Sunday, October 24, 2010

WhooOOooO*perheroes Week, Part 2, Adventure Comics #408: Supergirl in "The Face at the Window"

It all begins as Linda and her fellow reporters at K-SFTV are standing around, using hip lingo and making politically incorrect analogies.

After a lengthy introductory sequence, they get in the news van and drive around all day until they finally find the splash page.

Yes, it's another creepy house, and this one is also owned by an old man, as in our last tale of the mighty and the macabre. Exactly why the reporters are going there is not clear. Anyway, the old man's not too keen on reporters snooping around the place, which is obviously a dead giveaway that all is not kosher with the property. The old man supposedly lives alone in the house, but-

Creepy! Let's zoom in on that -

As they say in Pepe le Peau cartoons - le yipe! Well, I've got goosebumps. It's the kid in Three Men and a Baby all over again! Well not really all over again, that movie hadn't been made yet.

As all this is going on, there has been a bit of a sub plot involving Linda's co-worker at the station, Nasthalsia, though more commonly known by the apt name of Nasty, getting up to all sorts of shenanigans to try to prove Linda is Supergirl. What a terrible person, coming up with a crazy story like that! Well, except we know she's actually right, but we don't want her to know that, and we definitely don't want her telling other people about it, and Nasty is a notorious blabber mouth. Who works at a TV station. Yeah, you get the picture.

So anyboo, Supergirl has developed the picture she took at the house, only in the picture there is no face! Don't front like you're not terrified by now, don't even play that!

She goes back to the house determined to prove she was right lest she face the good-natured condescension of her co-workers. Nasty also heads to the house, correctly believing Linda will investigate as Supergirl. Nasty dons a black cat-suit not unlike Diabolik's. Speaking of outfits, it is important to note at this point Supergirl is wearing a suit made for her by the Kandorians, because she is having a problem with her powers going on and off. The suit can duplicate some of her powers, and is also quite fashion-forward.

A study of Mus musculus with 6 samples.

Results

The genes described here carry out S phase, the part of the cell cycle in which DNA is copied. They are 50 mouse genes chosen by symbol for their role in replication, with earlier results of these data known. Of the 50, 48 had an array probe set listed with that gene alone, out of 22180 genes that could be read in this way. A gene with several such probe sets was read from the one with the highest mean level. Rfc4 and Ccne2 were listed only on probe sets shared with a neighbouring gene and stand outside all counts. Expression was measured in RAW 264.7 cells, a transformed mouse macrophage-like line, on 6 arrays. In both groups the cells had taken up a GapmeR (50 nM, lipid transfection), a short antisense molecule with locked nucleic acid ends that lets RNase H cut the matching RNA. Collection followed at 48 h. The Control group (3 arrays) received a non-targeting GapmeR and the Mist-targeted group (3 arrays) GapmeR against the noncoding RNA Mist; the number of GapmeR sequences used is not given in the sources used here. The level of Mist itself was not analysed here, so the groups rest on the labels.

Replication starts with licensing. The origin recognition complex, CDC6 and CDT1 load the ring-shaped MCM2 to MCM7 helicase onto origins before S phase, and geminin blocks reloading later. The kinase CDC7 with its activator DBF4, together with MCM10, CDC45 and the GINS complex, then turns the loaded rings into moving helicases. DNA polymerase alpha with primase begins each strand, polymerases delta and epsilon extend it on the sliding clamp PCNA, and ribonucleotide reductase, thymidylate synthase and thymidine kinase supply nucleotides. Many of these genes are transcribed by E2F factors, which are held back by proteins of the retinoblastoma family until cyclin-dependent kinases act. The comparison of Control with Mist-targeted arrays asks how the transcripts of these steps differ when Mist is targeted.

Supergirl skulks around the house a bit, admonishing herself with various bits of good, if obvious, advice, and just generally narrating her own adventure, as many of us are wont to do.

Linda deals with being creeped out by continuing to address herself in her thoughts, probably for the sense of detachment that it provides.

Yes, Nasty is so nasty she even blames Supergirl for what are clearly her own decisions. She surrenders to the old man, who says he will call the police. Then he hears sounds of someone else, and that someone else is, of course, the Maid of Might.

Fortunately either her invulnerability holds up or else the suit does. Either way, she manages to apprehend the old man, only now the little girl is missing. Supergirl's frantic search for her reveals something interesting.

I personally don't see how superheroes would find anything "impossible to believe" after a couple years on the job. If we didn't know he was evil before, referring to the little girl as "brat" definitely puts him over the top. She seemed like a pretty well-behaved little ghost. For ghost she was, as Linda later revisits the house and-

So it's another story from the early seventies, again with a creepy house, an old man, and a dead child. It is interesting to note in both cases the child had actually died from a disease and was not murdered, probably a requirement of the Comics Code Authority, which is fine with me.

*(that's a ghostly WhooOOooO, in case that's unclear)


Steve Does Comics said...

The thing I love about this comic is that the "shock" ending, that the girl is a ghost, is bluntly stated on the front cover. Doh!

Aaron said...

It does have a nicely creepy cover, though it makes it seem as if the ghost will not be as benevolent as she ends up being - but I guess a scary ghost sells comics better than a nice little girl ghost.


Mike Sekowsky was really underrated.

Aaron said...

Glad someone else feels that way! I think his layouts were quite dynamic and amazing - those original JLoA's are just nonstop excitement. I did read something once with Carmine Infantino praising Sekowsky for his work on JLoA because drawing all those characters would have been difficult, and I also seem to remember he thought Mike did the Kirby thing sometimes better than Kirby, which is pretty high praise.